Why Kenneth Branagh Should Direct 'Star Wars: Episode VII'

Why Kenneth Branagh Should Direct 'Star Wars: Episode VII'

Nov 13, 2012

This week, our own Erik Davis made a very strong case for why he feels that Joe Johnston, the director of such films as Jurassic Park III and Captain America: The First Avenger, would be a great choice to take on the monumental task of directing the cinematic resurgence of one of the most popular sci-fi franchises in history: Star Wars: Episode VII. Johnston’s body of work shows a familiarity with films like Star Wars, without even mentioning the fact that the director was one of the original visual effects artists on Episodes IV-VI.

While I think Johnston is definitely a choice worth considering, I had another idea for a man who, I feel, would be a wise choice that, like Johnston, no one has seemingly discussed yet. A fellow Marvel Studios alum who also happens to be one of the best trained dramatic minds on the planet, in addition to being an accomplished and acclaimed actor and director. Not only are his dramatic chops very evident when looking at his entire body of work, but he’s become quite the action director in recent years with his launch of Marvel's Thor franchise and his coming reboot of a beloved action icon. I’m talking, of course, about Sir Kenneth Branagh.

When looking at what has made the best examples of the Star Wars saga work so well (particularly Episodes IV, V, and maybe III), there’s always been a level of grandiosity and epic scale that's been counterbalanced with interpersonal connection and somewhat irreverent humor. Branagh, I feel, definitively showed his ability to balance these concepts in 2011’s Thor, where the regal lineage and sweeping, bombastic nature of both dialogue and scenery from Asgard saw the balance of the real-world, down-to-earth connection with the characters in the story (as depicted most notably through Chris Hemsworth in the title role and Natalie Portman as Jane Foster). If the new Star Wars film follows a similar trend as the previous works of merit in the series, with the Jedi/Sith characters like Anakin/Vader, Luke, Obi-Wan and Yoda providing the grandiosity, to be balanced with the somewhat bold and bombastic characters like Han Solo, Lando Calrissian and the droids, then Branagh has proven his ability to adapt that formula with Thorby itself.

He’s also managed to obviously make a name for himself in the action arena by becoming both the director of -- and principal actor in -- next year’s action reboot Jack Ryan. With a greater ability to hone his craft in the action department, coupled with his sense of drama and attention to grandeur shown through films like his adaptations of Henry V and Hamlet, as well as a film like Thor, then I feel very strongly that he can do right by the Star Wars franchise and fans. In the event those fans are concerned about his ability to dive into a franchise with longstanding history as well as a devoted fan base, for me as a comic book fan it was absolute joy listening to the newfound reverence Branagh found for the works of creators like Jack Kirby, Walter Simonson, and J. Michael Straczynski on the legacy of the Marvel Comics version of Thor, which stretches further than Star Wars back to 1962.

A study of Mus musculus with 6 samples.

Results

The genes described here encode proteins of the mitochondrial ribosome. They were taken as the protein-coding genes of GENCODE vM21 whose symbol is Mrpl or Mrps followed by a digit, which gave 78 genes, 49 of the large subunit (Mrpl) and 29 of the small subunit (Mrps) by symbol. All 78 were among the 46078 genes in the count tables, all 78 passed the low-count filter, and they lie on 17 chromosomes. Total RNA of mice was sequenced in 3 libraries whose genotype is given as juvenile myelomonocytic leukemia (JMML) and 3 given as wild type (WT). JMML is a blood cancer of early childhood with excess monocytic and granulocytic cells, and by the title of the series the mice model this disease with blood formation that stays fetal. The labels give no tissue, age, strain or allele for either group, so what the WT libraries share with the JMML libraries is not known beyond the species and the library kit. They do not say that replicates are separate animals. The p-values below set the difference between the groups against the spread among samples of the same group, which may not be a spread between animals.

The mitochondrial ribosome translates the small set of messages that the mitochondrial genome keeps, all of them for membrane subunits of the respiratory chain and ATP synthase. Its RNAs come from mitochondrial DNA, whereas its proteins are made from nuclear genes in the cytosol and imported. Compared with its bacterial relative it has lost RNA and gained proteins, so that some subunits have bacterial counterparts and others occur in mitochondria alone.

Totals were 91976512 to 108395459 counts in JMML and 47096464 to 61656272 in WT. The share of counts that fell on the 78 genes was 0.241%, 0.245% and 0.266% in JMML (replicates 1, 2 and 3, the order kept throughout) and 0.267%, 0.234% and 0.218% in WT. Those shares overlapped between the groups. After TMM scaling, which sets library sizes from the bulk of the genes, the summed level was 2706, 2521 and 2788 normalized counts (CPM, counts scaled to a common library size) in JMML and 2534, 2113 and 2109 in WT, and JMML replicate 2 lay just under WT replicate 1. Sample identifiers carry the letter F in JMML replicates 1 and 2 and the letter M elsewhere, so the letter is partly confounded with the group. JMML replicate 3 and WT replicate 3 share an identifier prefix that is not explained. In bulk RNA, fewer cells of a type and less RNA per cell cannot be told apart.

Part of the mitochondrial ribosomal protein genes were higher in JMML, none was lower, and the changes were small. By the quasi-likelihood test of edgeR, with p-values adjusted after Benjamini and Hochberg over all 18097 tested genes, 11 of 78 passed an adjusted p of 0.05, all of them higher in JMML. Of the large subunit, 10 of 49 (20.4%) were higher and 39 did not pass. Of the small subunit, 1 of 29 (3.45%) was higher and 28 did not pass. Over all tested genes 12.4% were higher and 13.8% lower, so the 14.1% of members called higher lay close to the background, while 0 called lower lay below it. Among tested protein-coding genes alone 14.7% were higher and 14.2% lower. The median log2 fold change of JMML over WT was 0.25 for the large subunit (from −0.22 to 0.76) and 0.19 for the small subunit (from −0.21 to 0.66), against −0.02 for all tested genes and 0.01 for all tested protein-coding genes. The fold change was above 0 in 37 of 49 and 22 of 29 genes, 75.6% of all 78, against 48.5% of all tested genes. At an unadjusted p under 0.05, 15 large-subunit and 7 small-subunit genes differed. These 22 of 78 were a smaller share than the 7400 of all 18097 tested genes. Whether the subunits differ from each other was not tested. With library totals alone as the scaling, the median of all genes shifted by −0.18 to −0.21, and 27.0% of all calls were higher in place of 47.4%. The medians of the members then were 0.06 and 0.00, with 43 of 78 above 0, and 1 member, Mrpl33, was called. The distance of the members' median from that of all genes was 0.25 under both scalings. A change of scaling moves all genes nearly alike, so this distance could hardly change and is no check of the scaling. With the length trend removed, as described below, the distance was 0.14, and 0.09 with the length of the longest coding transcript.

It might not be too crazy to assume that the Star Wars franchise could benefit from the Shakespearean injection that Branagh could provide, since in addition to being a proven director, his training at the Royal Academy of Dramatic Art and his extensive time in front of the camera as well as on the theater stage could prove to help bring out some truly fascinating performances in the film, which recent Star Wars films have not exactly been praised for.

Case in point, in a 2011 interview with Starpulse, legendary actor Anthony Hopkins had this to say about his role as Odin in Thor, and what Kenneth Branagh did as the director for inspiring a real performance from the veteran actor instead of simply showing up for a payday:

“I’ve gotten lazy over the years,” Hopkins said. “I’ve been sort of phoning it in. I’ve been around so many years, but I loved working with Ken. I’ve got a lot of muscle in me and a lot of energy. That’s a case in point where he helped me. A great director, because of his background, being a great actor, really great actor, he took on everyone. He’s fierce, absolutely fierce. He doesn’t give a damn what people say or think. He’s just fierce and that’s what he did for me. I said to him, ‘You gave me my chops back. You gave me my confidence back.’ That’s the greatest compliment I could pay anyone. That’s what Ken did just to get me to go over the edge.”

Maybe, if we’re looking at the return of Luke, Han, Leia and Lando, Branagh could work similar magic and make the return of the Star Wars saga more than what it will already be as a pop-culture event. Maybe, just maybe, he can coax the necessary passion out of the likes of Harrison Ford and Mark Hamill and return to the franchise a label it hasn’t strongly held since at least 1980-'83: truly great.

Chris Clow is a recent Western Washington University graduate, film history fan, and comic book expert and retailer, contributor and overall geek to Batman-On-Film.com and ModernMythMedia.com. You can find his comic book reviews for various monthly titles and his participated podcasts at BOF and MMM. You can find his regular piece The Geek Beat here at Movies.com every Tuesday. Check out his blog, and follow him on Twitter @ChrisClow.